Advertising Insights

July 10, 2014

Creating Online Ads that Drive Brand Awareness

Some online ads resonate with people more than others. But oftentimes figuring out the right mix of image, copy, size and placement can be an elusive goal for marketers.

Advertising Insights

Some online ads resonate with people more than others. But oftentimes figuring out the right mix of image, copy, size and placement can be an elusive goal for marketers.

To help advertisers better understand what makes online ads generate desired business results, Facebook’s Marketing Science team recruited more than 700 people from around the world to evaluate more than 1,500 ads that ran in News Feed. The more than 350 campaigns analyzed between October 2013 and March 2014 also were measured for their impact on in-store sales or online conversions. This enabled our researchers to correlate different elements of ad creative with the results that matter to advertisers.

We recently spoke with Neha Bhargava and Eurry Kim, the advertising researchers at Facebook who conducted the study, about what their findings mean for brand marketers. (A second post in this series will focus on the study’s implications for direct response marketers). Edited excerpts of our conversation follow:

What was the motivation behind doing this research on online ad creative?

Neha: A lot of marketers focus on making the right creative content for channels where they are spending a lot of their marketing dollars, such as on TV or print. There was a need for new research on what works online. As a proxy for success, many advertisers use click-through rates, which has its limitations. I like to use the “cute kitten” example. If you feature cute kittens in your ad, you’ll probably get a lot of clicks. But you probably won’t achieve your business objectives, unless of course you’re selling kittens.

The existing research that has been done on online creative usually takes a long time and is expensive. The information you get back is often whether a certain ad is better than another one. We wanted to drill down to the actual elements within ad creative that make them effective at generating sales in stores and generating online conversions.

What should advertisers be focused on when thinking about online ad creative?

Neha: As part of this research, we’ve identified seven key creative elements that are pretty similar to what advertisers talk about when they’re thinking about their ad creative.

  • Focal point: The image has one obvious focal point
  • Brand link: How easy is it to identify the advertiser?
  • Brand personality: How well does the ad fit with what you know about the brand?
  • Informational reward: Does the ad have interesting information?
  • Emotional reward: The ad appeals to you emotionally
  • Noticeability: While browsing online, this image would grab your attention
  • Call to action: This ad urges you to take a clear action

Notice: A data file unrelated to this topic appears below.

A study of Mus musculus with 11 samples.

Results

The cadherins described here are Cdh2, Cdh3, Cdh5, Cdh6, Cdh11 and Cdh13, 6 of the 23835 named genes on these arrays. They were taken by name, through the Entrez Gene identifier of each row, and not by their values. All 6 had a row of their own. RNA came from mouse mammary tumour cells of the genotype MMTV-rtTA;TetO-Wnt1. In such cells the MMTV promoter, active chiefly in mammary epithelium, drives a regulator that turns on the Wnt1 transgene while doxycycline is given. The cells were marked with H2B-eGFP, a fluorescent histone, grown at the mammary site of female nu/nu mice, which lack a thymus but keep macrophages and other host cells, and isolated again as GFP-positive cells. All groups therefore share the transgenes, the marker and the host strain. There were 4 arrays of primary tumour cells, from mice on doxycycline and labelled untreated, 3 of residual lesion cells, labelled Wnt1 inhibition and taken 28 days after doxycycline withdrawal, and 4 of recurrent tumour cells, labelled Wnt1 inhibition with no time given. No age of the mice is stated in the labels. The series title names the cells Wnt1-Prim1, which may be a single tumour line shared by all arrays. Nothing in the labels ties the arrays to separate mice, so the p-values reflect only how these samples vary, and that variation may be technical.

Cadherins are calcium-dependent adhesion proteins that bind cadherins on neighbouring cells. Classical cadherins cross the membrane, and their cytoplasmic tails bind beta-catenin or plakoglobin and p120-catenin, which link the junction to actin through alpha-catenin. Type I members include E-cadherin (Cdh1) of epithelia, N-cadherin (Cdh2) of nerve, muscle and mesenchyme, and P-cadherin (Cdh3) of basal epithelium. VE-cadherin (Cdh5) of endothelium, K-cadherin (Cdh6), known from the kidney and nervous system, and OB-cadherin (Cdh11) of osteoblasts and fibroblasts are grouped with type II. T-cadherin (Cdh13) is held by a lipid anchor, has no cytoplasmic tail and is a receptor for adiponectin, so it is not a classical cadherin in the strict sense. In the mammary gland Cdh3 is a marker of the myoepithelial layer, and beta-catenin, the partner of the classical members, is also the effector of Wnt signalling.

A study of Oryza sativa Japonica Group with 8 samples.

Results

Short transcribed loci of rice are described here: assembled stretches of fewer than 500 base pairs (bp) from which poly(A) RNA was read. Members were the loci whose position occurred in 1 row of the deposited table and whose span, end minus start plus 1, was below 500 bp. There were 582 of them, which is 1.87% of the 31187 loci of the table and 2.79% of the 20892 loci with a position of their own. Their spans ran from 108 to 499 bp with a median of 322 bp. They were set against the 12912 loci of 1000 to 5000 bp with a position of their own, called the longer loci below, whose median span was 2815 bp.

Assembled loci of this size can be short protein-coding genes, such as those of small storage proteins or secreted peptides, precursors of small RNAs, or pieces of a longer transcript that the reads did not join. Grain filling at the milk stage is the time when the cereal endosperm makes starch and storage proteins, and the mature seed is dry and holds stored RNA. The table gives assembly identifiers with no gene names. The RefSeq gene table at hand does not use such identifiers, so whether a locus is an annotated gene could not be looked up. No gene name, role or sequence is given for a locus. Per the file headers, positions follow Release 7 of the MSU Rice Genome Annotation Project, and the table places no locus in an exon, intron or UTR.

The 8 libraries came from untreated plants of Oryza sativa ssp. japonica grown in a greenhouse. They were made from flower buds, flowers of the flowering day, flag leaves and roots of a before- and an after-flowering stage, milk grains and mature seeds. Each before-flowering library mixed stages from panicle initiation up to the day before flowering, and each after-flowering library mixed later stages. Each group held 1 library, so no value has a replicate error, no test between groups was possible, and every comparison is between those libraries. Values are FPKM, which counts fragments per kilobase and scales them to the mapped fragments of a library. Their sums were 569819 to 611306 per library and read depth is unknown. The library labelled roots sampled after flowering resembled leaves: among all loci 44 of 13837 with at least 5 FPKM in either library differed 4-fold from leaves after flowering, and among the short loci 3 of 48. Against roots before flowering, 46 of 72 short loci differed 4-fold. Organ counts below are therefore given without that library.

The people we worked with used these seven elements to rate over 1,500 ads that ran on Facebook. What we found is that different elements will matter more or less depending on whether your key objectives are direct response or brand advertising.

So what were your key findings for brand marketers?

Eurry: This research revealed that ads from brand advertisers scored higher than average on “brand link,” “emotional reward” (“the ad appeals to you emotionally”) and “noticeability” (“while browsing online, this image would grab your attention”). It seems obvious to say, but when brand advertisers are trying to convey their brand, they need a clear link back to the brand. But that link alone isn’t enough. Ads need to resonate with consumers, so an element of “emotional reward” or “noticeability” helps to convey more than just the brand.

Bud Light ran a campaign in 2012 that had prominent product placement, with its iconic bottle featured in the ad. These ads scored over 1.5X higher than the average in both “brand link” and “noticeability.” And we know from a separate case study that the campaign in which these ads were featured was successful in driving in-store sales. We also found that, in general, the best-performing Facebook campaigns had “well-rounded” creative, or rated highly on nearly all of the creative elements.

What best practices can brand advertisers take away from your research?

Eurry: Based on this research, conveying a clear brand story is really important, so a clear “brand link” is key. A brand logo, or in Bud Light’s case, iconic packaging, works well here. When developing online creative, a brand should know what it represents and know to leverage existing brand awareness. When it comes to “brand personality,” it’s really important that a brand understands who its consumers are and communicates with them consistently through their creative.

One consumer packaged good ad that we rated for this research lacked this brand connection, and the results suffered. The ad featured an engaging, people-focused image, but the ad copy and the image weren’t clearly related to the brand. If you saw the image from the ad, you’d have no clear idea of what brand or industry the ad came from. The creative ended up scoring 30% less than average in both “brand link” and “brand personality.” The sole element for which the creative scored higher than average was emotional reward. But that’s probably because of the excited expressions of the people in the image.

What’s next in terms of figuring out what makes great ad creative?

Neha: We’d ultimately like to provide advertisers and other researchers with tools that can help them make the most effective ads at driving business results. As part of this and other research at Facebook, we’d like to eventually provide guidelines for advertisers to understand conceptually what makes good digital ads. And we want to provide benchmarks so that advertisers know how their ads are doing compared to other ads in their vertical.